The pipette tip rack is the medical lab’s own crude version of the Myers-Briggs personality test. You can learn a lot about a lab tech by how he or she removes tips. Their formations can indicate pet interests or a cry for help. Either way, it’s wise to be attuned to certain signs.
You long to be swept off your feet by a sensitive soul who appreciates your knowledge of antibodies and analytes. Maybe you make bubble letters in the covers of your notebooks or maybe you don’t. You have a rocky relationship with your analyzer, but you’ve trusted it with many of your deepest, darkest secrets.
A dozen or so rows and columns of tips make for a fairly challenging canvas, but you’ve still managed to create some awesome portraits if you do say so yourself. Your version of “Starry Night” wasn’t too shabby, either. You are the perfect balance of right brain and left. You might need more hobbies though.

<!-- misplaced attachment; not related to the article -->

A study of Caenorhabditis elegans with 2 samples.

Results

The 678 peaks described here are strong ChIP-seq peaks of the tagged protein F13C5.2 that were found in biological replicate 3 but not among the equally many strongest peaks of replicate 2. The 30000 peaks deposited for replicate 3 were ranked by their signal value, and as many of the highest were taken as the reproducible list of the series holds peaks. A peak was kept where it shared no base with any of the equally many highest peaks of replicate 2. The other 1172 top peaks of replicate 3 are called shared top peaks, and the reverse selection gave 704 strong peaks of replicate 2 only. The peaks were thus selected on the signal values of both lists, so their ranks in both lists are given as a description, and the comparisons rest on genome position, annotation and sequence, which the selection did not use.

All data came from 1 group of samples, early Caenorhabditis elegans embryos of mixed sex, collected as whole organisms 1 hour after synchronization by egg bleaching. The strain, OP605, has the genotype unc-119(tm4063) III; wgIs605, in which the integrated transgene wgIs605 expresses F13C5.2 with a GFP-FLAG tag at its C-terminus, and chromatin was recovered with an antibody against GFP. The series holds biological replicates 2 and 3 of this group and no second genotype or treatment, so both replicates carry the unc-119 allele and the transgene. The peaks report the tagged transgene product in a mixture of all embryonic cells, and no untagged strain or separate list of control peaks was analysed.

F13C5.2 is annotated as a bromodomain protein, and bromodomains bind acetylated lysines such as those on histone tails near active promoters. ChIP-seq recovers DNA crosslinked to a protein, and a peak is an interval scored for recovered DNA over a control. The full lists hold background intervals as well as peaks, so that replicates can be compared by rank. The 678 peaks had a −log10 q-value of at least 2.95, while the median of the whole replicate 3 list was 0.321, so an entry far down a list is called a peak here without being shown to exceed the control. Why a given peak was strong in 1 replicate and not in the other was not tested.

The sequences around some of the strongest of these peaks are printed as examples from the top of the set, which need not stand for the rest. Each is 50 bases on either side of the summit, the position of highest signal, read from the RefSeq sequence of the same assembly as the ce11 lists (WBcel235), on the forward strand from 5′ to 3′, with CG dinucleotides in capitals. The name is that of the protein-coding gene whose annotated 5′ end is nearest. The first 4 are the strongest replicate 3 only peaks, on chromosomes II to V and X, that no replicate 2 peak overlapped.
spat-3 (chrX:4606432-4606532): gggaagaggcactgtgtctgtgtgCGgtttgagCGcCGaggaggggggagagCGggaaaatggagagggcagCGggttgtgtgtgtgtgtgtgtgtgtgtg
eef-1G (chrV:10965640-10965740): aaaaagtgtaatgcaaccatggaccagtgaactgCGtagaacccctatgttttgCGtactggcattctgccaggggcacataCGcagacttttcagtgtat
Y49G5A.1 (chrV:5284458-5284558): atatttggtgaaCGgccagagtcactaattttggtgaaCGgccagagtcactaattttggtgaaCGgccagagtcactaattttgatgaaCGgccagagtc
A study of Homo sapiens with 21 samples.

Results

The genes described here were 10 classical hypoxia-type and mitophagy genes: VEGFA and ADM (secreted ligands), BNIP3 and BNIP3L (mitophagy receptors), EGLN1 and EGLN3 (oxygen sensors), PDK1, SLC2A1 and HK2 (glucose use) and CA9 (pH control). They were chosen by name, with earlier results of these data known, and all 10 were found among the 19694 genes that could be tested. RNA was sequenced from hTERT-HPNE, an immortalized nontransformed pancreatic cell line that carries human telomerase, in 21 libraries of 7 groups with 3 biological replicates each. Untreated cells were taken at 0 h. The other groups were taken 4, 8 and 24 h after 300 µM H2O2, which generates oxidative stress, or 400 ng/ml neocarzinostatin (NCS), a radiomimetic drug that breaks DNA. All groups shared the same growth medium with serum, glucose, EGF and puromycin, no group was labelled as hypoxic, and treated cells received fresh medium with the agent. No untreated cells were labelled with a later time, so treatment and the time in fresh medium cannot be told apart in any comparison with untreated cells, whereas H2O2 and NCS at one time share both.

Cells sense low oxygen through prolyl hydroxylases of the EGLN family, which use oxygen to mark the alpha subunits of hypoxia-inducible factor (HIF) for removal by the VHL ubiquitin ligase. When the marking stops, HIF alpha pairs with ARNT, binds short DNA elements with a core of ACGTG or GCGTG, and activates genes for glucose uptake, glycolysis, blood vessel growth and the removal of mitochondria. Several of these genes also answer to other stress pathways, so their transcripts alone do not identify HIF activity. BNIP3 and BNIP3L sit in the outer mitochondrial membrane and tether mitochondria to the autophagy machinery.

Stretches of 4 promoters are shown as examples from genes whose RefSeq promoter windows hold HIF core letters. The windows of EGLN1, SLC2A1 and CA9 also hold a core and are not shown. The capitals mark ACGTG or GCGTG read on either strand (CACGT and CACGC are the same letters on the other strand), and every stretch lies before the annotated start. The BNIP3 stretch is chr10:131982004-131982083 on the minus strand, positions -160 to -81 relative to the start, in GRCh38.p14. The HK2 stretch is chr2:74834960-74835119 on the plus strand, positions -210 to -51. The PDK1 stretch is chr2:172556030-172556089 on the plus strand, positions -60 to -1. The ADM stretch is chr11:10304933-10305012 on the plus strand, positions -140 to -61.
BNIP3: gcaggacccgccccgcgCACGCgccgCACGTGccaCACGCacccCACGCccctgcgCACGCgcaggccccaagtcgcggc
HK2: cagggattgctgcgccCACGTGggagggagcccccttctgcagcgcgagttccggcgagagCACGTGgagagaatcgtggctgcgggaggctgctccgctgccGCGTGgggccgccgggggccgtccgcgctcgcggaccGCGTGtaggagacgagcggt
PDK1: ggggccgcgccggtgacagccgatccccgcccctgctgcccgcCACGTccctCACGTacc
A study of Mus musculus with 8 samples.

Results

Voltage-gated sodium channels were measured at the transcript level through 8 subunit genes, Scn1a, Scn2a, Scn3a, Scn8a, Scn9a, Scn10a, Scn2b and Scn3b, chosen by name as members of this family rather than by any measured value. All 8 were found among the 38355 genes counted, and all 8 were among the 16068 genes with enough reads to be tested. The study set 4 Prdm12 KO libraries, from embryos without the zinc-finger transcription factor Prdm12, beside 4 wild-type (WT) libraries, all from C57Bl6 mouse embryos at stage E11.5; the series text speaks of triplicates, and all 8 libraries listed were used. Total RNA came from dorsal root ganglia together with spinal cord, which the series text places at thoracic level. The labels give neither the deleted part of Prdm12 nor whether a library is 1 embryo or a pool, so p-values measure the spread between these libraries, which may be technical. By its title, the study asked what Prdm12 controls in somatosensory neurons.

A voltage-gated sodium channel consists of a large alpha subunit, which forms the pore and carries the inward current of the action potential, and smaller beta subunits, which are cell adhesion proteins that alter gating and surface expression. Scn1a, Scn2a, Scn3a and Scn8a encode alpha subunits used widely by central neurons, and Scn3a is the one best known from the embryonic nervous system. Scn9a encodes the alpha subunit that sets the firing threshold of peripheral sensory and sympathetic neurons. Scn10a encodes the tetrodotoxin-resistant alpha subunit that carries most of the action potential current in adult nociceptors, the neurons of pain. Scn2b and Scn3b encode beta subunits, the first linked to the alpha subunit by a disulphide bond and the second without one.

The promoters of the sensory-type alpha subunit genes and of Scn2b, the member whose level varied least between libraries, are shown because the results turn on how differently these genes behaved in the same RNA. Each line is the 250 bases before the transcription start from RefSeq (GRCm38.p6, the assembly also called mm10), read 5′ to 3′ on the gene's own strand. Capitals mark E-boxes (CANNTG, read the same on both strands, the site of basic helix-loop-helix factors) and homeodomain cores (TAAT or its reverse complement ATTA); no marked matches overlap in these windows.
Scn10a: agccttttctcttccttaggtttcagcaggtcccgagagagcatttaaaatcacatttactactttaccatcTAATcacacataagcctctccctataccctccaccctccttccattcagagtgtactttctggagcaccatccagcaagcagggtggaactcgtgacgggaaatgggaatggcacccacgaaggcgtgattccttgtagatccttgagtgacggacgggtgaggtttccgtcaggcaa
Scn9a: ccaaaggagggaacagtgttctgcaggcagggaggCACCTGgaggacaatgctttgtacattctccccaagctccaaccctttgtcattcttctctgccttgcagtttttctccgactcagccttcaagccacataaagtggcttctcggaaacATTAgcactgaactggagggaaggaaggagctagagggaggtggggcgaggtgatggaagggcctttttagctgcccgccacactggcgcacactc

Your pipette tip rack never seems to have more than two or three tips remaining. That’s because you are a pipetting machine. While they’d never admit it, your coworkers are in awe of your speed and accuracy and secretly want to be you. However, they have to settle for the privilege of sharing a benchtop with you.
There is no rhyme or reason to your tip removal patterns. There is only chaos. Your habits make more organized techs want to scream. Maybe that’s why you do it. Or maybe you just find comfort in asymmetry. Either way, you can expect every orderly tech to fear you for the loose cannon you are.
This just isn’t right. If the lab manager comes by, you have some explaining to do. You might be able to blame it on an extremely isolated earthquake. Or you could say the rack was like this when you found it. If you’re asked to walk a straight line or recite the alphabet backwards, simply comply and any misunderstanding should be cleared up in due time.